AUBURN UNIVERSITY — Fall is the right time to plant trees and shrubs, since the weather is cooler and plants are much less stressed than they are in the heat of summer. It is also a great time …
AUBURN UNIVERSITY — Fall is the right time to plant trees and shrubs, since the weather is cooler and plants are much less stressed than they are in the heat of summer. It is also a great time to get outside and work without getting soaking wet with sweat.
Brian Brown, an Alabama Cooperative Extension System home horticulture agent, said two of the most important things you should do before planting are take a soil test and correct any drainage issues.
A soil test will provide gardeners with important information on the health of their soil — including how to adjust soil pH and other nutrients the yard may need.
"Soil test kits are available at your local Extension office, along with information on how to collect the soil and send it to the Auburn University Soil, Forage and Water Testing Lab," Brown said. "If you've already completed a soil test, you are one step ahead. Follow the fertilizing directions recommended from the results of your soil test as you move forward with your planting plans."
Brown said most problems in the landscape have to do with water or a lack thereof. So, correcting drainage issues is a major step in keeping plants healthy. Too much and too little water will exhibit the same symptoms.
"Once you have found the ideal location for your plant, dig the planting hole two to three times the size of the root ball," Brown said. "That will give the plant plenty of room to establish a good root system. One of the most important things you can do is not plant your new plant too deep."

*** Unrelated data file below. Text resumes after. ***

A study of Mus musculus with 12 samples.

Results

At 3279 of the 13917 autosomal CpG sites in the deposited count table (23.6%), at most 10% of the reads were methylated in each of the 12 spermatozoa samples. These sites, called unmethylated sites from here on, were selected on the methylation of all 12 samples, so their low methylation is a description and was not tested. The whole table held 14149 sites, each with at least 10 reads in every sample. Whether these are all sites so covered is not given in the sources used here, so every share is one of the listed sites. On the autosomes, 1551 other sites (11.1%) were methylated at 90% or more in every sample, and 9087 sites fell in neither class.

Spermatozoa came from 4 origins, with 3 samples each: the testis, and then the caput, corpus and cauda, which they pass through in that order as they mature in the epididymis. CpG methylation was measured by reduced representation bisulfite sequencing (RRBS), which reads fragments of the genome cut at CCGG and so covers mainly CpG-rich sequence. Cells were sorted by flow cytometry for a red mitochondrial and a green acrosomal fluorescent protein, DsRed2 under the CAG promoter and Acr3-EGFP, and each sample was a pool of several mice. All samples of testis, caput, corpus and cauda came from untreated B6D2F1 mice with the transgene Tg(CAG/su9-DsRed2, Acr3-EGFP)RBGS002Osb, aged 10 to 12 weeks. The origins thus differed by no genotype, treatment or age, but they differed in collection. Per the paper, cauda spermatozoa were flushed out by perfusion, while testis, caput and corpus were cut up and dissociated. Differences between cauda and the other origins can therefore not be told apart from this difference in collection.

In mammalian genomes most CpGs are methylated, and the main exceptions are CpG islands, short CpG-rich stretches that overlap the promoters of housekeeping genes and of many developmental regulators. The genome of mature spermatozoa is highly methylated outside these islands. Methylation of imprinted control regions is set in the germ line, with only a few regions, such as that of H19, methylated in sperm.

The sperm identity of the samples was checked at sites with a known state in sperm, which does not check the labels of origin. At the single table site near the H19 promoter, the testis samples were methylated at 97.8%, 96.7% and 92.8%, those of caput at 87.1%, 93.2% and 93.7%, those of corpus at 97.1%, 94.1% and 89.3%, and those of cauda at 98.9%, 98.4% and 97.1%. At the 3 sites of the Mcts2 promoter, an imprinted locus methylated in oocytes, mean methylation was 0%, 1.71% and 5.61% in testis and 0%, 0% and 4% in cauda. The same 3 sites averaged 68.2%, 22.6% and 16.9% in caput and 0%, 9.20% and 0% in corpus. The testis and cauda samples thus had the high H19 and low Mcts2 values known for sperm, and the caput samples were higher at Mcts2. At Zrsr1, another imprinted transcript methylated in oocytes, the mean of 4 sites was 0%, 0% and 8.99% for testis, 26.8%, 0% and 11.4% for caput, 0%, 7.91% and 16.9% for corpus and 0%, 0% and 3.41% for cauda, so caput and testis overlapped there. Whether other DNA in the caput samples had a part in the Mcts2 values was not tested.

When planting, gardeners should make sure that they can can see the root flare at the base of the tree or shrub, which should be at ground level. It is also important to scarify the root ball. This entails taking the plant out of the container and breaking up the roots. Be sure to cut or break up any roots that are circling.
Brown said gardeners shouldn't be afraid of cutting those roots.
"If you skip this step, you may end up with girdled roots, which will lead to a decline or eventual death of the plant," he said.
Once the hole has been dug and the root ball has been scarified, place the plant into the hole. In Alabama, many have heavy clay soils, so it is wise to plant a couple of inches above the surrounding ground to help with drainage.
"Backfill the hole, being sure to eliminate any air pockets that may be there," Brown said. "Water the new plant deeply. It will need to be watered often during its first few weeks."
It is important to avoid fertilizing in the fall, which could result in new growth if warm weather persists. The new, tender growth could be burned by any early-season freezes. When spring arrives, Brown said it is best to fertilize plants based on the results of the soil test. Following these steps will ensure healthy, thriving plants.
For more information about fall gardening, visit www.aces.edu or call the local Extension office to connect with a local home grounds, gardens and home pests agent.